Karl Ackermann By

In 1950, in the wake of World War II and the early years of the Cold War, the Chinese Communist Party under Mao Zedong founded the Central Conservatory of Music as a consolidation of several musical institutions. Located in Beijing, the school resides on the former site of the seventeenth century residence of one Prince Yixuan. The campus has developed into a global institution offering advanced degrees in a setting that mixes original building from the Qing Dynasty with state-of-the-art music facilities and dormitories. The school was once the domain of the elite of the CCP and, even among that segment of society, only the highest academic tier (and the well-connected) gained admittance. It now offers degrees in fifteen disciples, houses seven institutions of research and publishing and features honorary professors such as Isaac Stern, Itzak Perlman, Yo-Yo Ma and Jessye Norman. Among the conservatory's notable alumni is the young classical and jazz pianist/composer, Dai Liang, aka, A Bu. He entered the conservatory at the age of nine and though still a teenager, his poise and talent are that of an experienced veteran.

Born and raised in a small neighborhood in the eastern part of Beijing, pianist Dai Liang had an unusually early exposure to jazz given its relative scarcity in his native China. Though his father was a fan of jazz music, there was limited availability of recordings and an even more limited opportunity to hear jazz music being performed live. Still, Dai became accustomed to hearing his father's restricted collection from a very early age.

A note about naming conventions in China and about Dai's name(s) in particular: A Chinese name is written with the surname first, followed by the given name so the pianist's family name is "Dai" and his given name "Liang," typical of a Chinese tradition is a two-syllable reference to an aspirational characteristic or quality. In this case, the given name is roughly translated as "Good" or "Fine" and if applied to Dai's musical talent, it is a substantial understatement. Then there is Dai's alter ego, A Bu. We sat down to lunch in Manhattan this past September, a few blocks from where he currently studies at Julliard. One of my first questions regarded his use of a performing name that sounds neither Chinese nor metaphorical. The story behind the name turns out to be strictly familial as it is simply a nickname that his father had given him because of a similar sound that Dai would make as a young child. That designation could not have come long before Dai first sat down at the keyboard.

"I began to play the piano [at] age four. Until age nine, I had only played classical music. However, my father is a music fan. Not only in classical, but my father also encouraged me to listen more to different music such as jazz, Blues, Rock, etc. At age nine, I entered the Central Conservatory of Music to continue my classical piano education. At the same time, my father introduced me to the famous Chinese jazz pianist Mr. Golden Buddua. I had a great time with him, and he started to teach me things about jazz..." Dai's reference to "Mr. Golden Buddha" denotes China's most respected jazz pianist, Kong Hongwei, and his Golden Buddha Jazz Orchestra. A favorite of the Chinese Ministry of Culture, his group has played festivals throughout China and Eastern Europe using a combination of ancient Chinese and Western musical instruments. The music of the Golden Buddha Jazz Orchestra itself bears only elemental resemblances to Western jazz while incorporating funk, pop, regional folk and dance in a global mélange of influences. As Dai points out, ..."I've heard my Chinese jazz teacher's band playing with Chinese flute and Zhongruan (a traditional Chinese folk instrument)."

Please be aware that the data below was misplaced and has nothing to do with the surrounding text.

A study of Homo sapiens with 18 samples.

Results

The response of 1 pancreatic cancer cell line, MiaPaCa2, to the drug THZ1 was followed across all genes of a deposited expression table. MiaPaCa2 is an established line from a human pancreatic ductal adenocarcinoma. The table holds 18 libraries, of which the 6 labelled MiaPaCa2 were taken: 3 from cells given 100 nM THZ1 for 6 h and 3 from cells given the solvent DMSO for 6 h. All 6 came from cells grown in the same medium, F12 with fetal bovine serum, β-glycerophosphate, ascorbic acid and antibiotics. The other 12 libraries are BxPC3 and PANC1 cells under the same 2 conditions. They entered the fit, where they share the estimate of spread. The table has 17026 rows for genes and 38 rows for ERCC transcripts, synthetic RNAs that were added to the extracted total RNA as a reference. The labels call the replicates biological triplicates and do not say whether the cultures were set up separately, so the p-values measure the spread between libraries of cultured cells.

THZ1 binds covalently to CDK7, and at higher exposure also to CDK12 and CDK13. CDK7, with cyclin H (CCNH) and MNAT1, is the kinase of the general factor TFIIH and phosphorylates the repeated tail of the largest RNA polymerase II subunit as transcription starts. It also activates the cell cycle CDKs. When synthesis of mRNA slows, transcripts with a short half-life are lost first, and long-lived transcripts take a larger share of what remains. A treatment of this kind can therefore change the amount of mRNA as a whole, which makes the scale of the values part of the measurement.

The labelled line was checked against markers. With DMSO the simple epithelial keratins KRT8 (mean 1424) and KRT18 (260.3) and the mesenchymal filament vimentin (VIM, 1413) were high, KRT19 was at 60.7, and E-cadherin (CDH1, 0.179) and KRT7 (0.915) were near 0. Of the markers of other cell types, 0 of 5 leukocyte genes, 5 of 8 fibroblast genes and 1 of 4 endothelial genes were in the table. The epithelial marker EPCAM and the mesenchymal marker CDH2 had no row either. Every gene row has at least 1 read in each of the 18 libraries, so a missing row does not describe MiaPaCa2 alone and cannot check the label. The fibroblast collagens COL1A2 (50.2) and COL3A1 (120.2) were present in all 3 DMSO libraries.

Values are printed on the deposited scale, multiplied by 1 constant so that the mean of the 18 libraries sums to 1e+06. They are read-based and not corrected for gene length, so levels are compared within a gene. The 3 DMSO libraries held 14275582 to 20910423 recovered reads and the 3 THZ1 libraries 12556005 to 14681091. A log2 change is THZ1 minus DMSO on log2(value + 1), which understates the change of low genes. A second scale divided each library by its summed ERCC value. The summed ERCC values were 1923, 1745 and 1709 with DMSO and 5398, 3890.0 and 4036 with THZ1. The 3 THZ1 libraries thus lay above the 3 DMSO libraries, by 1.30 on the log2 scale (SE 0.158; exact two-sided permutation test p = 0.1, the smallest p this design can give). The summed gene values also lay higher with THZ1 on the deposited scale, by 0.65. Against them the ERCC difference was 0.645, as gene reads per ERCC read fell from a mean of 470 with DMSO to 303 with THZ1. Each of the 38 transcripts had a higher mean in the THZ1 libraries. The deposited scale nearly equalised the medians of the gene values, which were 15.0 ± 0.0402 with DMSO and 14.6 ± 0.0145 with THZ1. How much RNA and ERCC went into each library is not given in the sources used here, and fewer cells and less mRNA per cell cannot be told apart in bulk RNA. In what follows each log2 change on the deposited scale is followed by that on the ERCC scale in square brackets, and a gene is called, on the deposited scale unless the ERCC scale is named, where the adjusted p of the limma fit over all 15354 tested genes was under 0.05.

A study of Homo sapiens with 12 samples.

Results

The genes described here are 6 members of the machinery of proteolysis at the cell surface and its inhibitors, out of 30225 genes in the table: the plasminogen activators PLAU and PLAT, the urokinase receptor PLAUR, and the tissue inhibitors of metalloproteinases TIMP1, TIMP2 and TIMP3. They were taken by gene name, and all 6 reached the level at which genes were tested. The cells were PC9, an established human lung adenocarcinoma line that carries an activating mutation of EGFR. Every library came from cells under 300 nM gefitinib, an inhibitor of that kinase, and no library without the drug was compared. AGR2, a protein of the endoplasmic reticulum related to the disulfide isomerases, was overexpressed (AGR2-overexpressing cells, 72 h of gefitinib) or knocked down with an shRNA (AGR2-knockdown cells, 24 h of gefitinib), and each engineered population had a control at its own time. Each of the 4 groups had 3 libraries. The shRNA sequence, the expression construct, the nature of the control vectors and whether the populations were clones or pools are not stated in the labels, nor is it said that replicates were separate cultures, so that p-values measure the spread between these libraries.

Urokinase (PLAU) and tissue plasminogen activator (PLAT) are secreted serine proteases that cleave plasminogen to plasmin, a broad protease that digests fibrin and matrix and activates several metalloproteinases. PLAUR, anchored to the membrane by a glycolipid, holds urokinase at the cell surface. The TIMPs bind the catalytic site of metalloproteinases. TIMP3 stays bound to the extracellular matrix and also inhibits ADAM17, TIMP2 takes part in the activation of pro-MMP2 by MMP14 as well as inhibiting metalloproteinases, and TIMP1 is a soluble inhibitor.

Dai's own connection with Western jazz is much more direct, whether in his covers or original compositions. While he credits Kong Hongwei as a powerful musical influence, Dai also states, "In the way I see it, Michel Petrucciani and Michel Camilo truly inspired my love to jazz." He was able to hone his performance skills at the East Shore Jazz Café, a top-tier jazz venue in Beijing, known for bringing in some major talent from Europe and the U.S. Of playing that club, he says, "Definitely, the East Shore Jazz Café is significant to the Chinese jazz industry. I feel very honored that I have been invited to perform with my band and jam with local musicians there. Playing in the East Shore Jazz Café has always been a great and comfortable time for me. Also, I still remember the experience playing with the great American jazz saxophonist Antonio Hart. We played in the afternoon after his rehearsal, and he tried to let me get the real feel of jazz. After that hour, we successfully built our relation and became each other's good friend. It was such an incredible moment to me."